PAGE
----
The Kingdom of the Netherlands has contributed $28 million to back FAO's work to boost the resilience of food systems in Somalia, Sudan, and South Sudan - part of a new initiative to scale-up resilience-based development work in countries affected by protracted crises.
To fight illegal coca plantations and conflict actors’ income sources, Colombia’s president wants to loosen the ban on aerial glyphosate spraying. However, considering the dynamics of organised crime, the use of toxic herbicides will not only fail to achieve its aim, it will have many adverse effects for the environment and human health, fundamentally undermining ways to reach peace in the country. International cooperation and national policy-makers need to account for this peace spoiler.
“Climate Security risks will materialise in very different ways and forms, whether we talk about Lake Chad or about the Arctic, Bangladesh and the Small Island Developing States,” said the EU’s Ambassador to the United Nations in New York, Joao Vale de Almeida, in his opening remarks. “But for the EU, there is no doubt, as underlined in 2016 in our Global Strategy, and reaffirmed by the 28 Ministers of Foreign Affairs, that climate change is a major threat to the security of the EU and to global peace and security more generally,” he said.
The challenges facing the international community are growing while the willingness to cooperate seems to be waning. Foreign policy must help bridge this gap. One way to accomplish this is by pushing forward a major achievement of multilateralism: the 2030 Agenda and its 17 Sustainable Development Goals. At a side event during the 2019 High-Level Political Forum, diplomats and policy experts discussed the role of foreign policy in the global sustainability architecture.
Global progress towards achieving the SDGs is slow, and for many targets, off track. While SDG implementation is primarily a national task and responsibility, it also requires concerted international cooperation. This article presents two arguments why foreign policy could play an important role in their achievement.
No country is immune to natural hazards, but for fragile states, the effects are even more severe. Mostly, conflict prevention and humanitarian aid are seen as more pressing priorities to protect livelihoods there. This pushes efforts of climate change adaptation and disaster risk reduction to the bottom of the priority list and results in compounded pressures.
More than 4,700 delegates, including environment ministers, scientists, academics, business leaders and civil society representatives, met in Nairobi for the UN Environment Assembly, the world’s top environmental body whose decisions will set the global agenda, notably ahead of the UN Climate Action Summit in September.
Mid february, the EU's foreign affairs ministers welcomed the Commission’s strategic long-term vision for a climate neutral Europe. Ministers also called for urgent and decisive action to strengthen the global response on climate change and restated the EU’s determination to lead the way on accelerated climate action on all fronts.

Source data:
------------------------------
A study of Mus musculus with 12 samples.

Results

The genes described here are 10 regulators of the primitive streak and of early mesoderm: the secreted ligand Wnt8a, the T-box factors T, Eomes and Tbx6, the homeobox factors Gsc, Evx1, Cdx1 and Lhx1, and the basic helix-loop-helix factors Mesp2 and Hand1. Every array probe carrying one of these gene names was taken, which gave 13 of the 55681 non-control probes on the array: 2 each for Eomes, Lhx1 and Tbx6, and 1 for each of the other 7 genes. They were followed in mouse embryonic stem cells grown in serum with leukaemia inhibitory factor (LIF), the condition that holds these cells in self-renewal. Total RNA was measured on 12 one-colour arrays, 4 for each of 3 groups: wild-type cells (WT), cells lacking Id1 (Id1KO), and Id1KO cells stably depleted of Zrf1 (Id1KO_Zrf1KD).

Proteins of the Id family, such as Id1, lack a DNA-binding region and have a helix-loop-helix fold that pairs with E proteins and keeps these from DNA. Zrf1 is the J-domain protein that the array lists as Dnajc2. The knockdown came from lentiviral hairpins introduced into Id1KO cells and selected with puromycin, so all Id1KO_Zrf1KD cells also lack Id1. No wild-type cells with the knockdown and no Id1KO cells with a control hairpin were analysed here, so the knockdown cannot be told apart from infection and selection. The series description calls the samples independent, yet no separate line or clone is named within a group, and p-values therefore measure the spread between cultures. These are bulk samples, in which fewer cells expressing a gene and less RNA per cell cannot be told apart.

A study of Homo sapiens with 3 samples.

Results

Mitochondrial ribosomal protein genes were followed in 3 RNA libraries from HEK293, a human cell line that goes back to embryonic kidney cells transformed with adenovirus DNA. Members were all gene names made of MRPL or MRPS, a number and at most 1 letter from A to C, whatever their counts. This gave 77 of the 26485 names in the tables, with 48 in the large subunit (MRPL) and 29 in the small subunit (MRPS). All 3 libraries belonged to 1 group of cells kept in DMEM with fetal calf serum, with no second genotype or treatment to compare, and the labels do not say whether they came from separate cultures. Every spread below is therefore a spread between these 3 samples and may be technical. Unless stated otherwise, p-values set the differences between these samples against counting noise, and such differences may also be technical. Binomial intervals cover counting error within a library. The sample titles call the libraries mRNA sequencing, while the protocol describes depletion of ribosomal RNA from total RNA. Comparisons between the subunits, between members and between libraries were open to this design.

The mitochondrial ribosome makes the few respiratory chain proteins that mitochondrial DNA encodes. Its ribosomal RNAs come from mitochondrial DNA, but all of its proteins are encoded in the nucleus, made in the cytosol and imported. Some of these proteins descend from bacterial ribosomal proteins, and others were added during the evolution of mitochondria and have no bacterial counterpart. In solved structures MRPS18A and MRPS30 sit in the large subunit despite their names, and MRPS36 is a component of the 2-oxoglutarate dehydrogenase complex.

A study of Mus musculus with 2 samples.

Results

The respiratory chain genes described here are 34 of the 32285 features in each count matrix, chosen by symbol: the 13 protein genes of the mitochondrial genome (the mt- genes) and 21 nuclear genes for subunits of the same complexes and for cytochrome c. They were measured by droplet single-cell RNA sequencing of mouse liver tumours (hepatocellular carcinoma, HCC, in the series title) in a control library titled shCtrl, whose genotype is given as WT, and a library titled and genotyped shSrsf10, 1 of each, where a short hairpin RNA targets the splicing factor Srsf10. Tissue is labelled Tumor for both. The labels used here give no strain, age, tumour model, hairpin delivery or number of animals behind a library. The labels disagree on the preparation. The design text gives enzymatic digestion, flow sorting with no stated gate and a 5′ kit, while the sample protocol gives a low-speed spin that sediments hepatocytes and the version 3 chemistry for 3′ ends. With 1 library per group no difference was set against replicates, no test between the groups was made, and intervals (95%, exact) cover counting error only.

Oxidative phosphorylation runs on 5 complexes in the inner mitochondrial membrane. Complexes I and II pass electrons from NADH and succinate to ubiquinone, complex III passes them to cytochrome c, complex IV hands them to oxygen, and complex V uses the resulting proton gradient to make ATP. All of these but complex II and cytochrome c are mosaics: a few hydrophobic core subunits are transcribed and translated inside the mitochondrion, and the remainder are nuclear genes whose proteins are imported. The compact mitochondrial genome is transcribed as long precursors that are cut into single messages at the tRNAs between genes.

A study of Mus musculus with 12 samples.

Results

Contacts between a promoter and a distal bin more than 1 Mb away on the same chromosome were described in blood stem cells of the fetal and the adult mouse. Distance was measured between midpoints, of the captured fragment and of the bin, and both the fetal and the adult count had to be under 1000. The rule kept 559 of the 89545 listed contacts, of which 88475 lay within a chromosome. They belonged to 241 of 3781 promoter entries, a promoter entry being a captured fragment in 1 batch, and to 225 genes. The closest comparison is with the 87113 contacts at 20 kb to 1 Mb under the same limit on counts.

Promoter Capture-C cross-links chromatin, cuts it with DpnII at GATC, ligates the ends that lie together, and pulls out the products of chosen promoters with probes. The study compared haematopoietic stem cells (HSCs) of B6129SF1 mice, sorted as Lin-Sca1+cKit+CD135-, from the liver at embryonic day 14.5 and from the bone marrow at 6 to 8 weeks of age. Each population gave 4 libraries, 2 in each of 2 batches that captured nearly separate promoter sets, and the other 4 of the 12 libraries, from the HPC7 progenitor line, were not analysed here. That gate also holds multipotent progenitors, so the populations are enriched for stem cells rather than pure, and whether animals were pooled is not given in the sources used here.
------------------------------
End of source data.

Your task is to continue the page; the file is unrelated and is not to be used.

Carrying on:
Linking the Atlantic and Pacific oceans across the Latin American landmass has often been presented as one of the holy grails of development for the region. While China’s idea of a ‘Nicaraguan Canal’ has made headlines globally, another major infrastructure project is in the works further south: the Bi-Oceanic Railway. The idea has already spurred transboundary environmental cooperation, but the public is still in the dark.
As opposed to China’s Belt and Road Initiative, India could lead a campaign for climate-responsible international development cooperation, shifting from coal to renewables domestically and promoting the values of the International Solar Alliance globally.
Members of the European Parliament voted on Wednesday (10 October) in favour of increasing the EU’s Paris Agreement emissions pledge by 2020. They also urged the European Commission to make sure its long-term climate strategy models net-zero emissions for 2050 “at the latest”.
A new USAID report focuses on the intersection of climate exposure and state fragility worldwide. It finds that the factors that make a country vulberable to large-scale conflict are similar to those that make it vulnerable to climate change. The report thus offers a way for global audiences with an interest in climate and security to identify places of high concern.
San Francisco’s Global Climate Action Summit ended on 14 September with non-state actors sending a call to action to governments ahead of the crucial COP24 in December, while highlighting their pivotal role in reducing emissions and reaching climate targets.
The world risks crossing the point of no return on climate change, with disastrous consequences for people across the planet and the natural systems that sustain them, the United Nations Secretary-General António Guterres warned on Monday, calling for more leadership and greater ambition for climate action, to reverse course.
Peat areas have played a pivotal role in conflicts globally, and have also been a point of contention during post-conflict recovery. Communities in Southeast Asia as well as in the countries of the Congo are facing challenges as finding political solutions for this problem.